Duke Energy Pulls Out of Coastal Wind Project

As reported by the News Observer on Friday:

Duke Energy will pull the plug on its plan to build up to three wind turbines in North Carolina's Pamlico Sound, the company said today, citing high costs.

 
Duke and UNC-Chapel Hill signed a contract last September to work together in the demonstration project, which would evaluate the potential of wind energy and its environmental impacts on the sound.
 
Duke said it will now refocus its work on larger-scale wind projects in offshore waters. High initial costs make a larger project more economically viable than a smaller one, Duke said.
 
It would cost $88 million to install the first turbine in Pamlico Sound, the company said. The second one would run $14 million. The need for shallow-water construction techniques and a growing potential for disturbing underwater vegetation would also complicate the project, Duke said.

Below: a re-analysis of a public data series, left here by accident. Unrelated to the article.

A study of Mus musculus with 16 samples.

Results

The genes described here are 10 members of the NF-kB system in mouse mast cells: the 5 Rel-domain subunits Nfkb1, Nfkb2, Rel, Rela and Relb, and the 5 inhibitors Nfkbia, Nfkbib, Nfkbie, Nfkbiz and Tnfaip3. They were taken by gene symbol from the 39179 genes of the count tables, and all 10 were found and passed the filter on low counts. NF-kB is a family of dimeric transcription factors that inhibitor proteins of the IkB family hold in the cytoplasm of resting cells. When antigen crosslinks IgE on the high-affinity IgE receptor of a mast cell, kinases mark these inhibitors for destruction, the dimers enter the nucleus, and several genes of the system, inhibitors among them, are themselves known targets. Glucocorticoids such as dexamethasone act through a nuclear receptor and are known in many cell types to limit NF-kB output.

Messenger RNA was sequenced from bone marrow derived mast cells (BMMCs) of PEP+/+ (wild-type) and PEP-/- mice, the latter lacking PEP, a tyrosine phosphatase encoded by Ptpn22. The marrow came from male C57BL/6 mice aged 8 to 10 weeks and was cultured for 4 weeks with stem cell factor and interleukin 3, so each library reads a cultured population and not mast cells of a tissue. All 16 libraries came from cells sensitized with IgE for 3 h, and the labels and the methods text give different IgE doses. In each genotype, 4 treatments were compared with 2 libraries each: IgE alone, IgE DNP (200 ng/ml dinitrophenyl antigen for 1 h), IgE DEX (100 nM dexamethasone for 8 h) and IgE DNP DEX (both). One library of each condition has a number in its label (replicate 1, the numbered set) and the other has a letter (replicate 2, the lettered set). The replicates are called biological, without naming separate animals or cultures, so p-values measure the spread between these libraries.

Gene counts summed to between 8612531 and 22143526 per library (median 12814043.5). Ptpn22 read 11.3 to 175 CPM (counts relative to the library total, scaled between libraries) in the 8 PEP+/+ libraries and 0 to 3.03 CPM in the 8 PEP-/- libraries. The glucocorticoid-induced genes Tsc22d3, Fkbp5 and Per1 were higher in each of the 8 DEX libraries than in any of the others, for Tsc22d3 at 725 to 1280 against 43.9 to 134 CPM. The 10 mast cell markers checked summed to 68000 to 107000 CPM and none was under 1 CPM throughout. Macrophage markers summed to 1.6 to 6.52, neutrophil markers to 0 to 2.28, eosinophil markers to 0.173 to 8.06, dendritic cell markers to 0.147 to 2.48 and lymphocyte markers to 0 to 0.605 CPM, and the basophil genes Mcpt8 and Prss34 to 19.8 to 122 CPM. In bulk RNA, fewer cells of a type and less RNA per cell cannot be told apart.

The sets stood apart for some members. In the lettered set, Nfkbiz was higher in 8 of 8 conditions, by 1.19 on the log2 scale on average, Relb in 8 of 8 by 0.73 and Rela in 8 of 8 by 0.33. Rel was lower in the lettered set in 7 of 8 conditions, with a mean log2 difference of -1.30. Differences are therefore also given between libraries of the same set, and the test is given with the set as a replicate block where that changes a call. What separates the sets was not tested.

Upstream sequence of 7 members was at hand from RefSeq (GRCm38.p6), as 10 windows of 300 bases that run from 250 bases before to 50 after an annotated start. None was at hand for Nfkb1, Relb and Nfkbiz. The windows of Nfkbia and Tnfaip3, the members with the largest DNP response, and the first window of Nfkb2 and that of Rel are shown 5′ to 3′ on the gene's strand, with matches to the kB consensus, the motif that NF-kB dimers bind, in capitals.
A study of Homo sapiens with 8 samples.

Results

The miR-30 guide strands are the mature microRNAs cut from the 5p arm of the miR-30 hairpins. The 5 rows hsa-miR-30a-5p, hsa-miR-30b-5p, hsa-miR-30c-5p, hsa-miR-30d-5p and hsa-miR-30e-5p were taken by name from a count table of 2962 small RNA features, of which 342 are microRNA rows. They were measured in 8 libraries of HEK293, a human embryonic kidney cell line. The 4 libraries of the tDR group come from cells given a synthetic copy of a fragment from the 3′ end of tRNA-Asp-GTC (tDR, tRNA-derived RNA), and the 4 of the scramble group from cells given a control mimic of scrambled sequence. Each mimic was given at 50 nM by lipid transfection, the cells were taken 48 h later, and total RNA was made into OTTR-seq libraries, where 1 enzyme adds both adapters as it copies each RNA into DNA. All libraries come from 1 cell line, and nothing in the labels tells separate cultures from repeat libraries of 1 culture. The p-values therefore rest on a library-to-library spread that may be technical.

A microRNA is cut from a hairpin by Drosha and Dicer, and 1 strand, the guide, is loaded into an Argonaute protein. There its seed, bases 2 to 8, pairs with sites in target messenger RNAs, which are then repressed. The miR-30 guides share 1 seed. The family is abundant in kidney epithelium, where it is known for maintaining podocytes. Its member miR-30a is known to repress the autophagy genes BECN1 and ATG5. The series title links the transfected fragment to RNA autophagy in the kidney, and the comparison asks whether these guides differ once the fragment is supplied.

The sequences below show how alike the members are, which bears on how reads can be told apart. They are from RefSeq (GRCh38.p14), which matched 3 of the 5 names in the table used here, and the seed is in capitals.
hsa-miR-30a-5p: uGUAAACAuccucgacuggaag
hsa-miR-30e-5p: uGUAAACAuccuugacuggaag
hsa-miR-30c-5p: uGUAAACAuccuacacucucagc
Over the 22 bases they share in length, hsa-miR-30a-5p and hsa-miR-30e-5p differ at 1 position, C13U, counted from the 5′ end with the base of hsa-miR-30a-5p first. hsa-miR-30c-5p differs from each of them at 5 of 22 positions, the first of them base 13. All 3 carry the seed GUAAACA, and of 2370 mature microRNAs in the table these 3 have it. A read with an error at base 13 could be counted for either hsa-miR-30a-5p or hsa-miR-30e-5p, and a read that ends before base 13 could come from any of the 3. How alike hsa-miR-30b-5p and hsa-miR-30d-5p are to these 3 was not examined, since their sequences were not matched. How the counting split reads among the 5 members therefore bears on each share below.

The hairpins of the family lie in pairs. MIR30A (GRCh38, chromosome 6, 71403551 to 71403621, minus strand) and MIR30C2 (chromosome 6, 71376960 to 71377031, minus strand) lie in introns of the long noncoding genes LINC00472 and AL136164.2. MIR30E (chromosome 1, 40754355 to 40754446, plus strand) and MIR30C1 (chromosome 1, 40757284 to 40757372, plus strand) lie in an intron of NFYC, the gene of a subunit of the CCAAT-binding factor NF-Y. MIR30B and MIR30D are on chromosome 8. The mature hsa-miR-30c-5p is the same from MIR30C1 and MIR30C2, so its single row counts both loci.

"The cost of the project simply exceeds the benefits our customers would receive if we were to continue," said Paul Newton, Duke's senior vice president of strategy for its regulated businesses.
 
Duke had committed to spending up to $35 million on the project, Newton said. Building all three turbines in the sound, he estimated, would have cost $145 million including decommissioning costs.
 
North Carolina's most valuable wind resources are off its ocean coast, a UNC study found last year. The study identified potentially suitable sites on more than 2,800 square miles less than 164 feet deep and within 50 miles of the coast.
Kristin Tracz

About Kristin Tracz

Kristin Tracz served MACED’s Research and Policy team from 2009-2012 working on clean energy policy, energy efficiency programs and the Appalachian Transition Initiative. She joined MACED after finishing her Master of Environmental Management degree at the Yale School of Forestry & Environmental Studies. She now lives and works in Washington, DC.